China must feel like its damned if it does and damned if it doesn’t. What are we talking about? – green technologies and environmental responsibility. Five years ago in the last plan, China committed to reducing the country’s energy intensity the energy consumed per unit of output by 20% according to a FT report. The target looks unlikely to be achieved, but even so China came under considerable criticism at the time because it was not seeking to cut outright emissions, only the intensity.
These two graphs from the FT illustrate the problem vividly. China has been growing strongly since 2000, but so has energy use even as energy intensity has been falling. To be fair, when the economy is growing at 10%+ per year how can you realistically aim to cut outright emissions five years into the future when the level of economic activity will be not be far off of double what it is today?
This year as the five year plan comes to a close, Beijing has been pulling levers all over the economy in a last minute attempt to meet the targets. If they claim to have done so it will be a farce. Although China’s energy intensity fell by 15.6% from 2005 to 2009 it rose by 3.2% in the first quarter of this year and the biggest culprits are the protected state industrial enterprises that consume 70% of the energy and generate 70% of the emissions. Local officials have been playing high profile lip service to the cut backs in energy supply, extending enforcement to the extremes of imposing a five days open, ten days closed regime on small private enterprises in Zhejiang province, but largely turning a blind eye to major enterprises from where the provincial revenues flow and who are the major local employers. Much fuss and bother was made about cutting power to aluminum smelters but production has barely been affected suggesting smelters have found ways around the headline announcements.
At the same time as trying to cut energy intensity, China has been trying develop a domestic green energy industry to roll out emission free technologies for power generation in the future. But the United Steelworkers fear subsidies given to the wind turbine and solar industries are going to create a global competitor to domestic US equipment manufacturers and have petitioned an investigation in to whether such subsidies are against WTO rules. The probe extends beyond just wind and solar to include support for advanced batteries and energy efficient vehicles. One can’t help but wonder how the US will be able to pursue this case with a straight face when they have poured billions into support for the same industries back home – a point that was not lost on an indignant Zhang Guobao, China’s top energy official according to the FT when he recently defended his country’s conduct saying the US spent $4.6bn in the first nine months of this year in subsidies to new energy enterprises. Most accept the current criticism has more to do with mid term elections than anything else.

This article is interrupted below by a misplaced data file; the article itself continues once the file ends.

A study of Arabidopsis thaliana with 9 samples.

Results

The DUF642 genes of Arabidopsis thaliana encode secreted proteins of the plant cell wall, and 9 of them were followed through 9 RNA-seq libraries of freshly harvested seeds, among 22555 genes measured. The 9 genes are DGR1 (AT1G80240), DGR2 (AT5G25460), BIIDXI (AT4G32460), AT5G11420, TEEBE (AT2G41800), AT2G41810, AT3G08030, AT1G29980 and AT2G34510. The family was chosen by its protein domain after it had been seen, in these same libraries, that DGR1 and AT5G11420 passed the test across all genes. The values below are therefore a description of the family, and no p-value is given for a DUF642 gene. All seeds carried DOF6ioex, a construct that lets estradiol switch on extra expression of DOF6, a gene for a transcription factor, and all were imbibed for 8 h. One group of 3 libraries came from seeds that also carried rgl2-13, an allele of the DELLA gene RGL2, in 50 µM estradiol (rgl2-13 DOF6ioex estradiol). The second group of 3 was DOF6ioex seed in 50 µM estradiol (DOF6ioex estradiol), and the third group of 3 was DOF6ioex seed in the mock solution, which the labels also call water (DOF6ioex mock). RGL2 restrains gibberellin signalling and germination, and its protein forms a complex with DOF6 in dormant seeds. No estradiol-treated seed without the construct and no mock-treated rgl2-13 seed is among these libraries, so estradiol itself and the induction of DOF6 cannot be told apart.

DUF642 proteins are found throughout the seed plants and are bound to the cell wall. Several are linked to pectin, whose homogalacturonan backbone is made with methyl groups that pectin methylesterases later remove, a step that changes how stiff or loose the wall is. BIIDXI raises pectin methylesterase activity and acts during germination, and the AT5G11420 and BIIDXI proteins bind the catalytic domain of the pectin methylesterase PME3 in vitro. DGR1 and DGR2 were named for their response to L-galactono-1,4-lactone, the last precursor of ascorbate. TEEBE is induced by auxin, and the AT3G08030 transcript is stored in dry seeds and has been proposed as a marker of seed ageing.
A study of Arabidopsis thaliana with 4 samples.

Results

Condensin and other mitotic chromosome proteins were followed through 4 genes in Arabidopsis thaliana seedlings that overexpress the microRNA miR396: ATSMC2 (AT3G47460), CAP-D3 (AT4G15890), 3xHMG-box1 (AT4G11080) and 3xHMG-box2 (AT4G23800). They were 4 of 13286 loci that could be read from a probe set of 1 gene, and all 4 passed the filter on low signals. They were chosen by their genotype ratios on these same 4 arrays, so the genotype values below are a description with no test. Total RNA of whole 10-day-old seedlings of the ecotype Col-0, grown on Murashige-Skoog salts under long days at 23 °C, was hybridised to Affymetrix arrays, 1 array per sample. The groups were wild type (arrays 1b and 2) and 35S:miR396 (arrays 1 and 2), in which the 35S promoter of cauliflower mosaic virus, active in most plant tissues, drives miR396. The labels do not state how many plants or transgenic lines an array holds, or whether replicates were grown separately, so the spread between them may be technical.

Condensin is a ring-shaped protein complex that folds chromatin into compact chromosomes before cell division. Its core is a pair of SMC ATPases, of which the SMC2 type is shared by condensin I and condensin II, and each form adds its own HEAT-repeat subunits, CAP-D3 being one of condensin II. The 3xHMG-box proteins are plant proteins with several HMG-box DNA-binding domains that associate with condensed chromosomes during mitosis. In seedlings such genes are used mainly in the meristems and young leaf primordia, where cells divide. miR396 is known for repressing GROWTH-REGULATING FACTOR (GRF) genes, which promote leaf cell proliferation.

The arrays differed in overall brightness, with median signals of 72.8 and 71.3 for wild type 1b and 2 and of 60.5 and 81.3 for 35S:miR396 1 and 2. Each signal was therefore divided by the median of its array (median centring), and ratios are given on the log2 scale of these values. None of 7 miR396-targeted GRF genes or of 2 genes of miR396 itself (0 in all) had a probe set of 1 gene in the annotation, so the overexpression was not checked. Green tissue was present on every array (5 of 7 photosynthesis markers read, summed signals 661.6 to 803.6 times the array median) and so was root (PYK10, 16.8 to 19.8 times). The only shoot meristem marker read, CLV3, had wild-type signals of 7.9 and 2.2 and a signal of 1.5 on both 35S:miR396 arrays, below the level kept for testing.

Nevertheless even China could admit it has a monumental challenge ahead of it. Energy use will continue to grow with the economy and yet the environmental impact and cost to import energy products are both huge. Indeed energy efficiency and environmental impact may be China’s biggest challenge in the next five year plan.